Censky, McKinney nomination hearing addresses biofuels, RFS

By Erin Voegele | September 20, 2017

On Sept. 19, the U.S. Senate Committee on Agriculture, Nutrition and Forestry held a hearing on the nomination of Stephen Censky at deputy secretary of agriculture and Ted McKinney as under secretary of agriculture for trade and foreign agricultural affairs. Biofuels, the Renewable Fuel Standard and trade issues were among the topics discussed at the hearing.

President Donald Trump nominated Censky and McKinney to fill the USDA posts in July. Censky has served as CEO of the American Soybean Association for the past 21 years. Before joining the ASA, he worked as a legislative assistant and held several posts at the USDA. McKinney is director of the Indiana State Department of Agriculture. He has held the post since 2014. He worked for 19 years with Dow AgroSciences and 14 years with Elanco, a subsidiary of Eli Lilly and Co.

During the hearing, Sen. Amy Klobuchar, D-Minn., asked Censky to discuss the importance of the RFS and asked him if he will commit to working with the U.S. EPA to ensure that the 2018 renewable volume obligations (RVOs) are forward-looking and reflect the reality of advanced biofuel production.

In his response, Censky said he agreed that the RFS is “very important to rural American and to our farmers.” He noted that is familiar with the program due to his past work with the ASA. He also stressed that Trump and Agriculture Secretary Sonny Perdue have both indicated strong support for the RFS. If confirmed, Censky said he plans be a champion for setting the appropriate RVOs under the program.

Sen. Chuck Grassley, R-Iowa, also addressed the importance of the RFS and ethanol. He discussed the need for the USDA to participate in the effort to fight recently imposed import tariffs on U.S. ethanol, stressed the importance of opening the U.S. market to E15, and briefly noted how important export markets are to the U.S. ethanol industry. He asked that the nominees urge the EPA and U.S. Department of Energy not to stand in the way of progress being made by the U.S. biofuels industry.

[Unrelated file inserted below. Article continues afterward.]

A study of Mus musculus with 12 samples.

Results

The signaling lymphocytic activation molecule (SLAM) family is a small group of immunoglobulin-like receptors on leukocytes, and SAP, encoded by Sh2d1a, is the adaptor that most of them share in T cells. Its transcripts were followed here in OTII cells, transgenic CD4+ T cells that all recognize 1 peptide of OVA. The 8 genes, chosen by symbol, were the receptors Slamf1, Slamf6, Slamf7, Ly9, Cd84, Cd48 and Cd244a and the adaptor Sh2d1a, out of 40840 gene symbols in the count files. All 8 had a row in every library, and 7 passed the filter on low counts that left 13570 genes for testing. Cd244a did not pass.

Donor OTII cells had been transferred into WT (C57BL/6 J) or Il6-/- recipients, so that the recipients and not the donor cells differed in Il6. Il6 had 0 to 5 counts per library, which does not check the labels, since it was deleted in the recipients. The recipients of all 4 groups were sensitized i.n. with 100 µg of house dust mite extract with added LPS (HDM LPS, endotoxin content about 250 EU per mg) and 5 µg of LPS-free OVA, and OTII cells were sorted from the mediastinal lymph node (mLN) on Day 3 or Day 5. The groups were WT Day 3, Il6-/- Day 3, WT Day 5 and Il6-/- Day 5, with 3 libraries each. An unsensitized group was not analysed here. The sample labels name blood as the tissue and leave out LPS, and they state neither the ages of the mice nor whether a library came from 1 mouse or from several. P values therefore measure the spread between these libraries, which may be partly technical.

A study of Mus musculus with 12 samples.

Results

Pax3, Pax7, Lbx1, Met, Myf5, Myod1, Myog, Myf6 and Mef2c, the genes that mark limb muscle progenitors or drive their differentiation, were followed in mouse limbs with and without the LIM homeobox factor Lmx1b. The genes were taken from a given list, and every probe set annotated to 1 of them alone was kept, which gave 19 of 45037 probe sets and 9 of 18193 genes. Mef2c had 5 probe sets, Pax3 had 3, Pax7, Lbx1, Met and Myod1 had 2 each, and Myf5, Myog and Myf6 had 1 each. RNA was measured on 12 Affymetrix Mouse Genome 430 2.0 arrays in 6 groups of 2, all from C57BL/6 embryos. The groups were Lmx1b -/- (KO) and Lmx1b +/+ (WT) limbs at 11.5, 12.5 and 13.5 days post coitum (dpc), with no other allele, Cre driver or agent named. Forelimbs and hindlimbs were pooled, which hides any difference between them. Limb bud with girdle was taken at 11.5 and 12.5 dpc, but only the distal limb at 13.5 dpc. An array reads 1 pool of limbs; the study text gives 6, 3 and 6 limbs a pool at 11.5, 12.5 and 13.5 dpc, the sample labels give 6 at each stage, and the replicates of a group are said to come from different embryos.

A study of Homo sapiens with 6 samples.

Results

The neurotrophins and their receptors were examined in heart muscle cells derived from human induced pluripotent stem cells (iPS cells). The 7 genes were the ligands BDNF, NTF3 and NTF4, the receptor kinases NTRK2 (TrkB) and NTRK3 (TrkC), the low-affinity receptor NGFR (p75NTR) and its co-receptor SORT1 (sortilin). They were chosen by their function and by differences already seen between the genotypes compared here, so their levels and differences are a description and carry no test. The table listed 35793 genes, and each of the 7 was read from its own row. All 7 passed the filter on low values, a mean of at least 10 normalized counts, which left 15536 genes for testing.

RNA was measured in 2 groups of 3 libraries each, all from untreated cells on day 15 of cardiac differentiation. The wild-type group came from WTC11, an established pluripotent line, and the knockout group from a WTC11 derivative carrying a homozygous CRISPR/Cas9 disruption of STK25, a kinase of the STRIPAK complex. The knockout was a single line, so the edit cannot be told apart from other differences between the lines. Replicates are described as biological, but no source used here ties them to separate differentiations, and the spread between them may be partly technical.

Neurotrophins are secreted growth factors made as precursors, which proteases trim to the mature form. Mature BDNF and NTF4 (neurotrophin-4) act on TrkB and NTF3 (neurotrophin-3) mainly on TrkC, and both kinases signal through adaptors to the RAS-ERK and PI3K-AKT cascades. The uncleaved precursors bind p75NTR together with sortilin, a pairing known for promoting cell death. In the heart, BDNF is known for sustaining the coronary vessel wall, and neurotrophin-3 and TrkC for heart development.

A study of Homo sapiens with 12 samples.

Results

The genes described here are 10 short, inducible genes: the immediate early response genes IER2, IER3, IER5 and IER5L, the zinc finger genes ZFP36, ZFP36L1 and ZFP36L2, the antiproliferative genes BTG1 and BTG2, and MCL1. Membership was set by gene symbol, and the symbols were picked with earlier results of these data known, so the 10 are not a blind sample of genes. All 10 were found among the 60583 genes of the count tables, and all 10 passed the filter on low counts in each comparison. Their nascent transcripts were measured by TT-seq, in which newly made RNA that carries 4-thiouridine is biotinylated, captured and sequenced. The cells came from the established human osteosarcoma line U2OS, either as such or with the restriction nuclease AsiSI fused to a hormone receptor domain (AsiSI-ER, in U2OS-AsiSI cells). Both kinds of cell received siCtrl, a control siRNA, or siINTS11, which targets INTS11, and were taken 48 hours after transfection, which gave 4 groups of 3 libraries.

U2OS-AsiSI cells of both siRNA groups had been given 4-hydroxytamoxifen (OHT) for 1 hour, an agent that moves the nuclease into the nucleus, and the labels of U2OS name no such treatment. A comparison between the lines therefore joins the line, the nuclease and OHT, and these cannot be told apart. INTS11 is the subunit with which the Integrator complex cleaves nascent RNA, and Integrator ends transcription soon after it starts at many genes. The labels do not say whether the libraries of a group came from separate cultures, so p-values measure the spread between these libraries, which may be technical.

Perdue issued a statement giving high marks to Censky and McKinny for their joint appearance before the committee. “Today we saw two nominees who are experienced, prepared, and capable of providing the steady leadership we need at USDA, and we can’t wait to get them on board,” Perdue said. “We have accomplished a great deal in a short amount of time in our department, but we need Steve Censky and Ted McKinney to join the team as we face serious challenges in agriculture in the coming months and years.”

“With producers in many states just beginning to assess the damages and losses from back-to-back hurricanes—and with wildfires continuing to rage in large swaths of the country—we will need Steve Censky’s counsel to help navigate the landscape,” Perdue continued. “And as Congress continues work on the 2018 Farm Bill, his guidance and input will be invaluable. Likewise, as we continue USDA’s mission of feeding an ever-growing world population, we will need Ted McKinney to be the unapologetic advocate of American agriculture as we expand U.S. access to international markets. He will be the one who wakes up every morning asking where he can sell more American products to foreign consumers.  I trust that the Senate will confirm them both in a speedy fashion.”

Prior to the hearing, Growth Energy issued a statement in support of Censky and McKinney’s nominations. “Having strong leaders at the USDA who understand the role biofuels play in improving the U.S. farm economy and rural America is of the utmost importance to our industry,” said Emily Skor, CEO of Growth Energy. “We have faith that both Mr. Censky and Mr. McKinney would bring this knowledge to these positions, and we fully support their nominations.”

“Through his years at the helm of the American Soybean Association, Mr. Censky has seen biofuels transform the U.S. agricultural economy, which assures us he knows that biofuels can be an excellent tool as we seek innovative ways to strengthen the farm economy,” Skor continued.

“Mr. McKinney has a keen understanding of what drives the growth of American ethanol in the international marketplace,” she said. “Given trade challenges across the globe, including in Brazil, China, and the European Union, we need a strong agricultural voice at USDA who will make sure our trading partners understand that open markets mean more prosperity for all.”